President Obama released his Fiscal Year 2015 budget on Tuesday. As we said in our earlier statement, the Bipartisan Policy Center believes that from a fiscal standpoint, this budget essentially constitutes a holding pattern.
On Tuesday, President Obama released his proposed federal budget for Fiscal Year 2015. Unsurprisingly, with a divided Congress and mid-term elections in the offing, there is not much in the way of new initiatives to signal a shift in the status quo of partisan gridlock over reform of the Medicare program.
On Tuesday, the Office of Management and Budget released the president’s Budget for Fiscal Year 2015. Notably, the proposal’s projected costs and savings include estimates of the fiscal impact of immigration reform, which presupposes passage of immigration reform this year.
Last month, Senator Mary Landrieu (D- LA) became the chair of the Senate Committee on Energy and Natural Resources. The committee’s jurisdiction spans the gamut of key issues, including national energy policy, international energy affairs, emergency preparedness, nuclear waste policy, privatization of federal assets and territorial policy among others.
Wednesday, March 5 and Thursday, March 6
Who: Lisel Loy, Director of the Nutrition and Physical Activity Initiative
What: Lisel Loy will be speaking at the CafeWell Health Optimization Leadership Summit in Denver, Colorado.
As governors we were concerned that the next step in what appeared to be the federalization of education policy was federal standards. While we shared concerns about American academic competitiveness, as governors, we knew our constituents would not want the federal government deciding what their children learned. Thus, Common Core was born.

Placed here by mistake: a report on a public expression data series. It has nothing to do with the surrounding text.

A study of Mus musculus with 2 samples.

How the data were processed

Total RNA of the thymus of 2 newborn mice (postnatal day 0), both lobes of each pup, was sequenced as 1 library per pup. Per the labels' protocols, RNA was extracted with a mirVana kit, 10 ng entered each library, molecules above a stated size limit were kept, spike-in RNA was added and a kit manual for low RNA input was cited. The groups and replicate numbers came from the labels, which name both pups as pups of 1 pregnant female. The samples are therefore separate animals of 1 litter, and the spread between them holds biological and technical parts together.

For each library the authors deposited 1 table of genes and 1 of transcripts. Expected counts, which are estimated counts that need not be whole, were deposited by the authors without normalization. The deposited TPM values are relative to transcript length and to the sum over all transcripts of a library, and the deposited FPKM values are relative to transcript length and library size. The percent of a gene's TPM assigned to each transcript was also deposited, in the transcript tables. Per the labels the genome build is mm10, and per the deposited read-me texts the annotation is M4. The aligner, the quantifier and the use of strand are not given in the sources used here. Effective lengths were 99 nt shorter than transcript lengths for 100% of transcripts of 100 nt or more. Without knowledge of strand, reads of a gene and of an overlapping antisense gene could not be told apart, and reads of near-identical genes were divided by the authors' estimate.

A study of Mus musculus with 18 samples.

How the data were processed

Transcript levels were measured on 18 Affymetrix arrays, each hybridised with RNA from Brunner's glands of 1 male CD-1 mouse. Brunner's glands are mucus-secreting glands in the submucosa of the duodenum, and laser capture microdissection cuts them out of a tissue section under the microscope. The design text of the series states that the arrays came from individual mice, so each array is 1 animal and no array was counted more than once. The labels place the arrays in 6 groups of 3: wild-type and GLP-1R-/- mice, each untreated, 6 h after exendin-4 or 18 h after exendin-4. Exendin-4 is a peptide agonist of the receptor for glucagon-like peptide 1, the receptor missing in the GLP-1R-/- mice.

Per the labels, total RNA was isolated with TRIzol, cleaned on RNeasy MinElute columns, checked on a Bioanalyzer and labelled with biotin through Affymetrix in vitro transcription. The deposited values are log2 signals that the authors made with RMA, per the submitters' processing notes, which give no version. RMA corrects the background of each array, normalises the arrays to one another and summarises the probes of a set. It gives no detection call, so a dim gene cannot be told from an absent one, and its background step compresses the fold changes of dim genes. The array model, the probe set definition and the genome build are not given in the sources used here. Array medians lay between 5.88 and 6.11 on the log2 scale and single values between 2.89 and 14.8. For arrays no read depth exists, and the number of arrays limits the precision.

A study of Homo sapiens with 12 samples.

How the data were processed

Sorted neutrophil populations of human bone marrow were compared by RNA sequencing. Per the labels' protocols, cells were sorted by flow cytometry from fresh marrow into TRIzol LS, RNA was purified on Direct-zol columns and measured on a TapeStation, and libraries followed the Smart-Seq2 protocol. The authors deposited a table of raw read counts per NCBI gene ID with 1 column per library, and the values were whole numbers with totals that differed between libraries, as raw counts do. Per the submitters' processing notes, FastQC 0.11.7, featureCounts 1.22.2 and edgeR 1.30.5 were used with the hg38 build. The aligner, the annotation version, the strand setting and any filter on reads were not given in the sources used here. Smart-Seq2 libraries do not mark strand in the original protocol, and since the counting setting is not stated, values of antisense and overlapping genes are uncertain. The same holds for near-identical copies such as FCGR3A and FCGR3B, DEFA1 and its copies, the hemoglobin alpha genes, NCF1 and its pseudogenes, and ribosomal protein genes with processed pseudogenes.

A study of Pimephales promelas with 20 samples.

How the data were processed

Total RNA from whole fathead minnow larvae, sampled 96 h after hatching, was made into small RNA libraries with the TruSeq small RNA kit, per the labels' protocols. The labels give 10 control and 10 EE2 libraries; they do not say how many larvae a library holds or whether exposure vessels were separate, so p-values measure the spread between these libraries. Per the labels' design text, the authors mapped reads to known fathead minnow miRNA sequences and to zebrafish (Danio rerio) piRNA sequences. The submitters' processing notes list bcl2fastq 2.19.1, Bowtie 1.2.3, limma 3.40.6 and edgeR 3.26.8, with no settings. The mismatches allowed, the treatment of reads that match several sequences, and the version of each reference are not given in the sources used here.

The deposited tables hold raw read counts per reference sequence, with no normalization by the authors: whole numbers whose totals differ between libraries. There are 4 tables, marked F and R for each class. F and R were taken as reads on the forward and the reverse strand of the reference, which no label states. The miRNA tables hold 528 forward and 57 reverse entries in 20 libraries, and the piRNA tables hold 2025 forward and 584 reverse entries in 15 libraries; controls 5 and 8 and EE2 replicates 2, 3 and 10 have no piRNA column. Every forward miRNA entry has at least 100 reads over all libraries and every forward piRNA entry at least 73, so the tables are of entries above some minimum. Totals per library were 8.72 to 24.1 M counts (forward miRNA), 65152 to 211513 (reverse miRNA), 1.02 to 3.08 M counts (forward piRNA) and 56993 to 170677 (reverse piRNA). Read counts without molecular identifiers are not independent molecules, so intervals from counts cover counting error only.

House Ways and Means Chairman Dave Camp (R-MI) released his comprehensive tax reform plan yesterday. It has been a long time since a sitting member of Congress was bold enough to propose a plan that includes enough detail to be scored by the Joint Committee on Taxation.
The Bank Rescue, Five Years Later
By Phillip Swagel, Co-chair, Financial Regulatory Reform Initiative
“… the program sketched out by Mr. Geithner both came to pass and made a difference. Five years later, the United States financial sector is in much better condition. Banks have absorbed losses from loans made during the bubble and rebuilt their capital, and investor confidence has returned. Mr. Geithner’s proposals did not all work right away or in the scale initially envisioned. In the end, however, Secretary Geithner deserves credit for making good on what he promised.”
House Ways and Means Chairman David Camp (R-MI) released a proposal that aims to overhaul and simplify the tax code. One of the proposal’s provisions would limit unauthorized immigrants’ eligibility for the Additional Child Tax Credit.
The tax reform plan released by the Chairman of the House Ways and Means Committee, Representative Dave Camp (R-MI), included a new excise tax on some systemically important financial institutions (SIFIs). Under the Camp plan, bank and non-bank companies designated as SIFIs under the Dodd-Frank Act would be subject to a quarterly excise tax equivalent to 0.035 percent of their total consolidated assets in excess of $500 billion. The excise tax, which would take effect in January 2015, would produce estimated revenues of $86.4 billion over a ten year period.